Another of the Web giants, eBay, may be joining the growing and nebulous (pun intended) field of cloud computing, if a new job listing is any indication.
Another of the Web giants, eBay, may be joining the growing and nebulous (pun intended) field of cloud computing, if a new job listing is any indication.The company's looking for a director of cloud computing engineering, who will be in charge of leading eBay's "Cloud Computing initiative," according to the listing. The question is whether this job is really about managing eBay's internal cloud -- the company's in the midst of a three-year "grid computing" effort -- or doing something entirely new.
The latter seems entirely possible, if not probable. The new manager will be responsible for "strategy and implementation" of a number of things, including the user interface and software development kit "for cloud consumers," "adapter development for CMDB and various provisioning environments," and "Cloud Computing Command and Control and Fluid Capacity Frameworks" (whatever that is). What any of these projects really entails is unknown, and eBay isn't talking.
"At this time, eBay can't say any more currently beyond what's in the job posting, but, in general, the company is always looking to expand its capabilities and expertise base," an eBay spokesman wrote in an e-mail response to my inquiry into the job listing and eBay's cloud computing strategy. "Your interest in this area and in eBay is duly noted for future reference."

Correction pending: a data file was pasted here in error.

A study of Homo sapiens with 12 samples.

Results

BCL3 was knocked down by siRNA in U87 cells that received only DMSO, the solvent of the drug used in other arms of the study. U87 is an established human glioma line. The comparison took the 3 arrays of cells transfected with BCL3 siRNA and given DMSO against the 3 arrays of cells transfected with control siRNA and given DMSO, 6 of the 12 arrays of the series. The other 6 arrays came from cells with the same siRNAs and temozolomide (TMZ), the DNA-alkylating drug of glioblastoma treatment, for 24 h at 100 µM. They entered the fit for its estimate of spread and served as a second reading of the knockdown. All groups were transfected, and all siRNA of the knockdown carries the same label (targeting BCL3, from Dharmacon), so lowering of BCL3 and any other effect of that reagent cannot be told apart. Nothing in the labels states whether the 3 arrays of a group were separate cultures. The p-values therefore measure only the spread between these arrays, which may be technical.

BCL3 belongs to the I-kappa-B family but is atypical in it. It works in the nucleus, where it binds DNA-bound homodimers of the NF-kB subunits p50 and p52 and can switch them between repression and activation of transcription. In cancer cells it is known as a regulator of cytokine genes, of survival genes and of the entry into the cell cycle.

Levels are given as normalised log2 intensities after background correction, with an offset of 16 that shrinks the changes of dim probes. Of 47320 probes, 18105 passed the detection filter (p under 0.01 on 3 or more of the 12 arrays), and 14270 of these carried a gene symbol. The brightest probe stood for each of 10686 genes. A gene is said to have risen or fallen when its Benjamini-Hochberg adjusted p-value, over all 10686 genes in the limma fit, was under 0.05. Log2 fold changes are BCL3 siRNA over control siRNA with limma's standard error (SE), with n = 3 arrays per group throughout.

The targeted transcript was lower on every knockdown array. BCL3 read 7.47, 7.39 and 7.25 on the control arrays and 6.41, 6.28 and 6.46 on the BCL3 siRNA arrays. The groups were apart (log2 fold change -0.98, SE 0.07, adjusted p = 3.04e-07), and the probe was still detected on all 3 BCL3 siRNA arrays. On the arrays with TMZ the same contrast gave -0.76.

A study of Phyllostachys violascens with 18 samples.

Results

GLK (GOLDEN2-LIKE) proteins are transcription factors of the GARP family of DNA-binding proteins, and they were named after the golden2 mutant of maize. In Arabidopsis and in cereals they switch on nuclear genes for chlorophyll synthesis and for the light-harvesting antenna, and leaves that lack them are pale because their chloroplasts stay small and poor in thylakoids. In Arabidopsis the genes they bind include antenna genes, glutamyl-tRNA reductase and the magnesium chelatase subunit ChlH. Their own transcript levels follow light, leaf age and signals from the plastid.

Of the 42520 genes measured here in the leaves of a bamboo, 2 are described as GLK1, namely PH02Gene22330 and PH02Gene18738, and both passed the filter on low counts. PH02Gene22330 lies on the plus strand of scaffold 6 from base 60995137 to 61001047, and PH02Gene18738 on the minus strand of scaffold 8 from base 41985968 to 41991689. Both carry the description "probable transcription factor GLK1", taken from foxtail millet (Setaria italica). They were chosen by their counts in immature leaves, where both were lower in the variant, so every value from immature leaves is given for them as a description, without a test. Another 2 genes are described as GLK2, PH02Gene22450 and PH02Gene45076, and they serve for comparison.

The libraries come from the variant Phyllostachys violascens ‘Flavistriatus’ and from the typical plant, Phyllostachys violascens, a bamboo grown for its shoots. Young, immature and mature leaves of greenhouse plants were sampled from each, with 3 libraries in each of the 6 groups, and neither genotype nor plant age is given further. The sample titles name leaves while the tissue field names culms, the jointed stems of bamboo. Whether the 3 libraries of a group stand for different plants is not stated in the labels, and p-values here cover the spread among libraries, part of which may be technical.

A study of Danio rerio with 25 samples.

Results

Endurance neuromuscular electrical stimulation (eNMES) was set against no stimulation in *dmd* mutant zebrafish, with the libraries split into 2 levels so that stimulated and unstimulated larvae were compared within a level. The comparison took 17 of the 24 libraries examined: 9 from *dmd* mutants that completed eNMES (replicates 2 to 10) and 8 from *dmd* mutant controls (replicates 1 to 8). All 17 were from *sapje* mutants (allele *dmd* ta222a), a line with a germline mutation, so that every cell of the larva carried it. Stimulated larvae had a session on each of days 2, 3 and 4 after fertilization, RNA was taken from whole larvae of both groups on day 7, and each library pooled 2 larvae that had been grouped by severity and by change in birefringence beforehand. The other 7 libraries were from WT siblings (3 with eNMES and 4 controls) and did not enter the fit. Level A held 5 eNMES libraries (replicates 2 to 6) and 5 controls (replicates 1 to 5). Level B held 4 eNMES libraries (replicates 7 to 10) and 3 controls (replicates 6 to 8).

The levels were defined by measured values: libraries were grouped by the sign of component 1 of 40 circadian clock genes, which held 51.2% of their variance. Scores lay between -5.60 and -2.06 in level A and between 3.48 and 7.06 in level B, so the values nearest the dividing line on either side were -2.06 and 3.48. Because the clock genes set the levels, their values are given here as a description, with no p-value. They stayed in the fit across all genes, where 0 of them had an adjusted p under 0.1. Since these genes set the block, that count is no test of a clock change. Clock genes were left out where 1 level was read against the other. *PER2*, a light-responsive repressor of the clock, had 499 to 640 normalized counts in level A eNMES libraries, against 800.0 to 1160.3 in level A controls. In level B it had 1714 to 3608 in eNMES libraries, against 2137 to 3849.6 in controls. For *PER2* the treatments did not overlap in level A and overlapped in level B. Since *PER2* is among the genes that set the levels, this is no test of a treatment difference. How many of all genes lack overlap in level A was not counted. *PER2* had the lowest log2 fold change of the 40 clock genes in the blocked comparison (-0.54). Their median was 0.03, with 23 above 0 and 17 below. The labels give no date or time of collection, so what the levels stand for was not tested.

It could be argued that eBay already has its own cloud computing efforts under way, depending on how you define cloud computing. After all, eBay owns a number of Web-connected services like Skype. The commerce site has a developer program to tap into (complete with APIs and SDKs), and PayPal also recently unveiled its own developer portal.
There already are thousands of developers writing software that ties into eBay's systems, according to the company. However, there are plans to make eBay a bigger platform for e-commerce applications. Project Echo, currently in alpha, will allow developers to more easily embed third-party applications for buyers and sellers directly into the eBay experience. No sign yet of eBay offering up any real utility computing services like Amazon has or more general application development platforms like Salesforce and Google have. So far, the company's been content to stay in its own e-commerce bubble.
It's not clear if Project Echo has anything to do with eBay's new director of cloud computing engineering, but eBay's potential entrance or expansion in cloud computing could be an interesting one. The company's e-commerce platform is a money maker and store for 243 million registered users, so there's already significant monetized scale in eBay's underlying platform. How will consumers and Web businesses be able to leverage that platform differently going forward? Will other businesses? Will eBay offer some real SaaS? We'll see.